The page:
Hulu Cranks Up the Volume With New Premium Service
Hulu has revealed plans to launch a premium paid service in addition to the free TV streaming it already provides. Hulu Plus will offer more content and high-definition video for $9.99 per month. It's also drawing new gadgets into the fold by streaming directly to devices like iPhones and PlayStation 3s. Ads, however, will still be part of the equation.
Hulu, the TV-network-owned site for watching television programs over the Internet, has announced a new paid subscription service that promises to give users greater freedom to watch their favorite shows online.
Hulu introduced the new service, called "Hulu Plus," Tuesday in a blog post authored by Jason Kilar, the service's CEO. "Starting today, we're issuing invitations to become a Hulu Plus subscriber," Kilar wrote before directing those interested in receiving an invitation to a specific page on the Hulu site.
Additional invitations will be sent out over the coming months to random people who follow Hulu on Twitter or indicate they like the service on Facebook. "We'll be sending out as many invitations as we can each week," Kilar added, "and as soon as we're ready, we'll remove the need for an invitation and start bringing in new subscribers without delay."
Hulu Plus subscribers will pay US$9.99 per month for what Kilar described as an expanded library of television shows, including full seasons of select shows produced by the FOX, NBC and ABC television networks. The existing, free Hulu service offers only a handful of episodes from each television season.
Hulu Plus also will offer an enhanced viewing experience with shows streaming at the high-definition resolution rate of 720p. The regular Hulu.com service streams at a resolution rate of 420p.
In addition to improved resolution, Hulu Plus also will offer many more choices for viewing programs than just a Web browser on a PC. From the outset, the new service will allow for viewing shows on mobile devices such as the Apple iPad, the iPhone 3GS, the iPhone 4, and the third-generation iPod touch. It also will work on Samsung Internet-connected TVs and Blu-ray players, and Hulu said support for the Sony PlayStation 3 and Microsoft Xbox 360 gaming consoles is coming soon.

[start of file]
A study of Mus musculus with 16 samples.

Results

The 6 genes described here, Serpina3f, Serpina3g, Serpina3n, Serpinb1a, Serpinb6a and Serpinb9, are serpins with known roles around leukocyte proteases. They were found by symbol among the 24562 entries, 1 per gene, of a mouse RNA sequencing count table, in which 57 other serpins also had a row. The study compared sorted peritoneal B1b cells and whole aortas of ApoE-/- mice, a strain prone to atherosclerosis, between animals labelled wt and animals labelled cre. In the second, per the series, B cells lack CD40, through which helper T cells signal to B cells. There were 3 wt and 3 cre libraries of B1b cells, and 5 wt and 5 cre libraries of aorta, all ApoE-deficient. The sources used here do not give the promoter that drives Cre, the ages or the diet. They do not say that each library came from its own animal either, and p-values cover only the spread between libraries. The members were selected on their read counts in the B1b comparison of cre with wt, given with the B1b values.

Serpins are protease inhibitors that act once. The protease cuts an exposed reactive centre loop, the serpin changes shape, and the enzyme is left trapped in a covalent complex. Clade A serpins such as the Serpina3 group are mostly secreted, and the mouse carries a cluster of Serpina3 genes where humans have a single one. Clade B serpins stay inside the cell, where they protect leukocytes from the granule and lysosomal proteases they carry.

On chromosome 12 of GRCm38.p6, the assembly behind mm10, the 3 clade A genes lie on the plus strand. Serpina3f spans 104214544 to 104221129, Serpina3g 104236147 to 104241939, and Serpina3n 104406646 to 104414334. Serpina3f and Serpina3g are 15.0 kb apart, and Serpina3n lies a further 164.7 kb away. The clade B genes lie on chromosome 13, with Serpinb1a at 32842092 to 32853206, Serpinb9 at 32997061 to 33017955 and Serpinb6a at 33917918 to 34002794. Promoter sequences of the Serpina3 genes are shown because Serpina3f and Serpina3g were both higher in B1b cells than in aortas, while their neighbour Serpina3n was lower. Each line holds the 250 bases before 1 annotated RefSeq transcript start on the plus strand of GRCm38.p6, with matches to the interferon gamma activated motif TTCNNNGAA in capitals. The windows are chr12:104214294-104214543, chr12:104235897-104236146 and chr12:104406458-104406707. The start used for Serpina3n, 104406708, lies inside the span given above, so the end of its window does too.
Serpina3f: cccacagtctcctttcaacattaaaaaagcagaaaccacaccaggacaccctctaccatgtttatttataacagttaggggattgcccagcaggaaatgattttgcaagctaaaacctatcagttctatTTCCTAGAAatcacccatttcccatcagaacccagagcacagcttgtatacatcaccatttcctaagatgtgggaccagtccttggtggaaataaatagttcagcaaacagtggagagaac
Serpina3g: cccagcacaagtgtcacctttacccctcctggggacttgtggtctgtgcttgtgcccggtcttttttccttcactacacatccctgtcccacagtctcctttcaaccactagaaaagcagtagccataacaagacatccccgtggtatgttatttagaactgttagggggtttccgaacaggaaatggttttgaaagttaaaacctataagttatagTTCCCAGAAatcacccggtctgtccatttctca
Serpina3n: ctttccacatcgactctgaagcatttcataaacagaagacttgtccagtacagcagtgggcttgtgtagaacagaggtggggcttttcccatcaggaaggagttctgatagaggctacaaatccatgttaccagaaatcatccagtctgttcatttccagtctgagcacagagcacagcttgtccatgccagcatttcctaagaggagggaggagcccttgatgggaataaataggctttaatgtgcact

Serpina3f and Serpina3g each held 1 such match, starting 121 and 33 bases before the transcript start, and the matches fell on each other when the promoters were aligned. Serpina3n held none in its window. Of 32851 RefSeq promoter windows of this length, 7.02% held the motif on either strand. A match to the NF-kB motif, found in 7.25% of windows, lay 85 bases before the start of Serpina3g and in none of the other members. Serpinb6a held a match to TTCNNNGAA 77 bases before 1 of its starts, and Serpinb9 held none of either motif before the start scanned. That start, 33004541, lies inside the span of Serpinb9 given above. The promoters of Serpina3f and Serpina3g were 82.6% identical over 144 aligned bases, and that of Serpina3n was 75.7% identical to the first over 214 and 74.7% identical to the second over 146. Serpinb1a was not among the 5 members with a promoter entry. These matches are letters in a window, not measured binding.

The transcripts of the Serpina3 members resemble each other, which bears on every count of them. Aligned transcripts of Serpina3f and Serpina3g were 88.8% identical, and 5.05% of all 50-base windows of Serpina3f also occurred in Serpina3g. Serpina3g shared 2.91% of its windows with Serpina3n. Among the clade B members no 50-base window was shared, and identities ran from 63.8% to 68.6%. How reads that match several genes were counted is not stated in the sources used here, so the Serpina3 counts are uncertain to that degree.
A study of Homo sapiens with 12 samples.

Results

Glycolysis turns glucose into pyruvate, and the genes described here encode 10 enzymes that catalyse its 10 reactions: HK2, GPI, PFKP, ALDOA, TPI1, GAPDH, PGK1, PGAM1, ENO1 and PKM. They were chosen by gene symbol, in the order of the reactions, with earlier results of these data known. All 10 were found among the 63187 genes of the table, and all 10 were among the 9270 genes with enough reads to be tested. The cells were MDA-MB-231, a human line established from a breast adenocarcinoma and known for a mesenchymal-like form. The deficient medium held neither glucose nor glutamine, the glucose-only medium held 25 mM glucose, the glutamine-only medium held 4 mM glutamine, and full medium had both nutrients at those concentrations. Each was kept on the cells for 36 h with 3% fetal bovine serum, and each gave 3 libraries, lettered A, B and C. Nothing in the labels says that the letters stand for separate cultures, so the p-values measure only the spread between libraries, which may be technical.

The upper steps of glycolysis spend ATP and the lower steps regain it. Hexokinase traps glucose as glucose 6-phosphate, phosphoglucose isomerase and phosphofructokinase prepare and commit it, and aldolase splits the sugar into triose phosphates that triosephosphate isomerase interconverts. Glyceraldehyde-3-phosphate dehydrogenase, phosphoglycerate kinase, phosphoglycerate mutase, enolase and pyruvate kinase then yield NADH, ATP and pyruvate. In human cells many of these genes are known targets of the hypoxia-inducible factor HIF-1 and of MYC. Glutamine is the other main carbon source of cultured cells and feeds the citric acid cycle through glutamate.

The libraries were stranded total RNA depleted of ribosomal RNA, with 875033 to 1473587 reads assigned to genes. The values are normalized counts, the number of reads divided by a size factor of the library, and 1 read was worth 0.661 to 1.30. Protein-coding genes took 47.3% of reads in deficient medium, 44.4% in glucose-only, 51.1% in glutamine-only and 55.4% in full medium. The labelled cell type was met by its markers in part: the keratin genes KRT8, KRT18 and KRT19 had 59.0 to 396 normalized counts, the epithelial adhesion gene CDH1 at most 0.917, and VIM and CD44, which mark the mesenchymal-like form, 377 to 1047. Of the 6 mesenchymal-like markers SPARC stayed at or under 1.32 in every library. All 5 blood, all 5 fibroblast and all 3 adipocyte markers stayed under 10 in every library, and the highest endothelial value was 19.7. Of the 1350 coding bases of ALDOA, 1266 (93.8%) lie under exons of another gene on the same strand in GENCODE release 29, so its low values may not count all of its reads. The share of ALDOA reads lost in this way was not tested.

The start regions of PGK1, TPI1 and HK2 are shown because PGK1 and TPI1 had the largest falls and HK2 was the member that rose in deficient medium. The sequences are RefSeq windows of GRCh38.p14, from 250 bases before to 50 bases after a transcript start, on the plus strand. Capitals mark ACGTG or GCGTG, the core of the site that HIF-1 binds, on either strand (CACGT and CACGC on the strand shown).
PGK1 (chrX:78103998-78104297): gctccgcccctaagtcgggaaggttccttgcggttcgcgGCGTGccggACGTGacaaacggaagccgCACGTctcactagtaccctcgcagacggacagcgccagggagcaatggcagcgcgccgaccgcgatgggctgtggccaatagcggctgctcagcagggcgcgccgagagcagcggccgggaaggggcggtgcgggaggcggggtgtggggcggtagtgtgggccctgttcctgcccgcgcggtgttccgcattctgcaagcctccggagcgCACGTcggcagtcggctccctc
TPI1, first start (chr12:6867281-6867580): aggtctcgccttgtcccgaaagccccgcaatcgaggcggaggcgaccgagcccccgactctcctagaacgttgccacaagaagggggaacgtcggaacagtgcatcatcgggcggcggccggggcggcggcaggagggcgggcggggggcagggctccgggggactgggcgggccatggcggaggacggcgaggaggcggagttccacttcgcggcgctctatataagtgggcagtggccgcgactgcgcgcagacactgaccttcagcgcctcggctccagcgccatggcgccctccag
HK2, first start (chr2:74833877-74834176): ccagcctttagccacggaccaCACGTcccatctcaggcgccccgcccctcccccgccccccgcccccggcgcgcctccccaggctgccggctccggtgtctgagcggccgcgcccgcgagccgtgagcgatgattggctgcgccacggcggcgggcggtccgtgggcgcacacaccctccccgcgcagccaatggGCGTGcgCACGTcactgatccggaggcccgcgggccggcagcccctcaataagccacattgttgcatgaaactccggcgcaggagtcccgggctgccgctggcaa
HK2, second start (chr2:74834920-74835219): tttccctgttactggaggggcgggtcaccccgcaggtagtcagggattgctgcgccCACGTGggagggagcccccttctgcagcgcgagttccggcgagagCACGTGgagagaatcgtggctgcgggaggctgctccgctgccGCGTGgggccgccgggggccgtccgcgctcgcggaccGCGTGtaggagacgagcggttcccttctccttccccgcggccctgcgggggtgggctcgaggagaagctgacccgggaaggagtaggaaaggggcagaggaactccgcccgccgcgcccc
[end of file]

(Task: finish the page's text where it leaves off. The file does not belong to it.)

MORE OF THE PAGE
With the array of available devices, Hulu Plus subscribers theoretically could start watching a program on a television in the living room, pause it and move it to a laptop PC or iPad on the patio, turn it off again and resume watching it on an iPhone while riding the train to work the next morning, Kilar wrote.
What Hulu Plus won't offer is a commercial-free viewing experience. The service has to include ads in order to keep the price at $9.99 per month, according to Kilar.
A Measured Approach
Hulu's measured approached to signing up subscribers to the new service mirrors the strategy it used in launching its original service. That method seems to have served the two-year-old company well, according to Dan Rayburn, a principal analyst with Frost & Sullivan.
Hulu, which is owned in part by the parent companies of the three major U.S. television networks from which it gets much of its content, recorded $100 million in its most recent fiscal year and showed a profit in its last two fiscal quarters, Rayburn said. "They didn't have to launch a paid service to secure the long-term future," Rayburn told the E-Commerce Times, "but it certainly will help. This is just one of many new services they can be expected to offer."
The makeup -- and timing -- of any additional Hulu services likely will depend on how well Hulu Plus fares. A big question in regard to Hulu Plus is whether users are yet willing to pay to stream television shows from the Internet.
"Consumers have shown they are willing to pay for unique content offered in a high-quality format -- Major League Baseball and the NFL have proven that," Rayburn surmised, adding that by improving the resolution of its content to 720p, Hulu has given its new service a better chance of attracting a broad subscriber base.
"No one was going to pay 10 bucks a month to watch poor-quality video," Rayburn concluded.